Rookies Take Part In Mandatory Transition Course3 min read
When an NFL player or former player make the news outside of football, it’s usually for one of two things. Either they’ve gotten themselves into some trouble, be it with the law or in regards to their public image, or they are the subject of a story on how they once had it all and are now barely making ends meet.
There aren’t a whole lot of courses one can take on not being stupid when it comes to social media and what they share of their personal lives to the outside world, and there isn’t a whole lot of courses one can take on how not to blow $30 million. Sure, someone can take a course on budgeting, but courses like that teach you how to make sure you can pay the electric bill each month, not how to decide if that Bugatti is right for you. And you can forget about a course on how to handle the positives and negatives of being treated like a celebrity.
That’s why the NFL instituted a transition program for all rookies be they drafted or undrafted, as well as opening it up for any player that feels they may need the course or could benefit from a refresher. The program isn’t designed to help players transition from college to the professional level, but rather how to transition from the world of being a hometown hero to a multi-millionaire overnight, and what to do when they no longer find themselves gearing up for the next season.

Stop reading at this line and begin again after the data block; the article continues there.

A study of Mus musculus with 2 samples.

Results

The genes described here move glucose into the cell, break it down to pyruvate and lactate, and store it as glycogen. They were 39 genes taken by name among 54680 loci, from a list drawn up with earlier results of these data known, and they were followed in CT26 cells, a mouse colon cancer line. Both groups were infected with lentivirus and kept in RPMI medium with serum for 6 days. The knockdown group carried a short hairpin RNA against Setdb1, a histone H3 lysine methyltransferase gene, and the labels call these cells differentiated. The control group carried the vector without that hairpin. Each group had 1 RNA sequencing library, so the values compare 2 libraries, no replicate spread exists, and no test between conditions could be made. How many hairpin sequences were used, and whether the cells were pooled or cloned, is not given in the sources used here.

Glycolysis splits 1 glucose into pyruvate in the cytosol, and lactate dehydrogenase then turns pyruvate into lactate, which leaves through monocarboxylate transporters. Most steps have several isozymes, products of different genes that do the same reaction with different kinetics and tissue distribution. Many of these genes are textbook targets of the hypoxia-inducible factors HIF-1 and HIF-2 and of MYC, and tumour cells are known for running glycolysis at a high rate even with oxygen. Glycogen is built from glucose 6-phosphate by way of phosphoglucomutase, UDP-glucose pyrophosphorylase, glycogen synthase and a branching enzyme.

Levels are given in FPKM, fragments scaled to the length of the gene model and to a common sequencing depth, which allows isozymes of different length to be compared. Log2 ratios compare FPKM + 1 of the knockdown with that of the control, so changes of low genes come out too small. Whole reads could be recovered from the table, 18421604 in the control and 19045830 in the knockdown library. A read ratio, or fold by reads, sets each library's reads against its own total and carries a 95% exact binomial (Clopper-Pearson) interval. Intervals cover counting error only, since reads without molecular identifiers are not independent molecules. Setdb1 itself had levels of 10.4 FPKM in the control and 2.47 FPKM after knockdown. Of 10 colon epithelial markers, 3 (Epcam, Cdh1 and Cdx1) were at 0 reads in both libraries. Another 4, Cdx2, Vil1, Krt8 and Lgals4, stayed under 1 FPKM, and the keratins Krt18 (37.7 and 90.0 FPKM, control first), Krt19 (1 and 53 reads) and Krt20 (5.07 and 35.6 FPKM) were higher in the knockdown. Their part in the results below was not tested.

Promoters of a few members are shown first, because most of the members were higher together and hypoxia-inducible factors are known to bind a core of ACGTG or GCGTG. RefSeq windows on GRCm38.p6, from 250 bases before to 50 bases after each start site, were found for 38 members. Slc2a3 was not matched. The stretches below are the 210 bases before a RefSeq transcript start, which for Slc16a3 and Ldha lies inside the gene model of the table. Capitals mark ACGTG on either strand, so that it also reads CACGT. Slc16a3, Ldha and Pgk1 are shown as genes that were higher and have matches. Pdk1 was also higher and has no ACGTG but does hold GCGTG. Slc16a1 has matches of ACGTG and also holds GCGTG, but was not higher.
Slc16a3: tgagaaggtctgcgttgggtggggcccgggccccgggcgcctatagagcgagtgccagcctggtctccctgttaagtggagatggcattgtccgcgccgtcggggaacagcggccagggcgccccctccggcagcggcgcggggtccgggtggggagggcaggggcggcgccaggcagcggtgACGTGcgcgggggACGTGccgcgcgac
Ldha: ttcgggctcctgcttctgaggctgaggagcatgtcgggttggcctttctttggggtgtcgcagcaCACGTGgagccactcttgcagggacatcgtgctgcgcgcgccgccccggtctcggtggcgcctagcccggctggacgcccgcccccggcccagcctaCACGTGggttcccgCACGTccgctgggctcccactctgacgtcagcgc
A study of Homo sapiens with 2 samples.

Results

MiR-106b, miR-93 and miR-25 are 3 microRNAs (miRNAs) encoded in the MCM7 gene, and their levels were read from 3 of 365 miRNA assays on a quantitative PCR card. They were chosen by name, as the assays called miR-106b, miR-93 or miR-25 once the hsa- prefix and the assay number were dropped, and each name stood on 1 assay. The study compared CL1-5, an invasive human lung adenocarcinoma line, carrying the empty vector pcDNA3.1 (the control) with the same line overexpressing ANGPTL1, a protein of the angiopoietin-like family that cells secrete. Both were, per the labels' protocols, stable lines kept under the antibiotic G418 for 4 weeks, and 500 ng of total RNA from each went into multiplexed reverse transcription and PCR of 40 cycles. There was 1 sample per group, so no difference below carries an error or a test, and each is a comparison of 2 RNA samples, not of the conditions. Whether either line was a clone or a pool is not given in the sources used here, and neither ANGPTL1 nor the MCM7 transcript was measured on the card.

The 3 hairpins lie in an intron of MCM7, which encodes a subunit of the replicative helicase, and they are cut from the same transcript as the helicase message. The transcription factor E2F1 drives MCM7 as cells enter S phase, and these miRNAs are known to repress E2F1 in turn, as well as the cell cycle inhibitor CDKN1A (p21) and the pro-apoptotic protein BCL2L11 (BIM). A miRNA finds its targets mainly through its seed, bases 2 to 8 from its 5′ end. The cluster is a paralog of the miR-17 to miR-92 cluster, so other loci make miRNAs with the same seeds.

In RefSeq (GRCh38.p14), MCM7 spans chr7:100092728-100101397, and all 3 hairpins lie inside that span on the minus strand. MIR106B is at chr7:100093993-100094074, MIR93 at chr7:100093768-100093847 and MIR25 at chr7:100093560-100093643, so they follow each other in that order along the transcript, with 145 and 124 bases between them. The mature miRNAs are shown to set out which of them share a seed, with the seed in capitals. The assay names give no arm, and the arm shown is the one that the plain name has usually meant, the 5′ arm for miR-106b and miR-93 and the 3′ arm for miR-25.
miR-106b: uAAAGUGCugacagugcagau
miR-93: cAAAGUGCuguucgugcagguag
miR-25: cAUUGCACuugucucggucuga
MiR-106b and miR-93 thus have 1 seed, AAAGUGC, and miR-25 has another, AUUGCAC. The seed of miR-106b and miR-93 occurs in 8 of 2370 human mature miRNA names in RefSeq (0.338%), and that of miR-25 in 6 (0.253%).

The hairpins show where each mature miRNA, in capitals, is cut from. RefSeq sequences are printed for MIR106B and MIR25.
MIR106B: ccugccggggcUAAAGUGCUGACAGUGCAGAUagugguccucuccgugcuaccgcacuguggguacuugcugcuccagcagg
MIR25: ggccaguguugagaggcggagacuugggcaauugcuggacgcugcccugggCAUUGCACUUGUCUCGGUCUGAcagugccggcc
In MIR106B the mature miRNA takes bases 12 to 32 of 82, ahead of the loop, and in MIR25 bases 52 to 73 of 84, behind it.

They are taught everything from how to handle interactions with law enforcement, to handling themselves when speaking with the CEO of a large corporation. They are taught how to budget their newfound wealth, and how to invest it so that they have enough money to carry them through their retirement years. They are taught the ins and outs of social media in today’s society and how to navigate around those who will be looking to exploit them for a quick payday. It’s not just dealing with people and money that they find themselves being immersed in, but also how to cook healthy meals, how to build good credit, and how to handle situations in public without the fear of freezing up or freaking out.
We’ve come a long way from the early days of the NFL where players were left to fend for themselves when it came to financial matters, and often would wind up hiring a crooked accountant who would take every penny they could. They didn’t have Facebook and Twitter in which they could find themselves posting a message that would get them suspended, and they didn’t have to worry about the days of cell phones that provided 24/7 news around the world in an instant.
Luckily for the players today, the NFL has tried to keep up with the changing times, but it’s up to the players to take advantage of the lessons being taught and implement them to put their future in a far better place. We talk about how we have to worry about a player’s physical health for life after football, but isn’t their financial health just as important?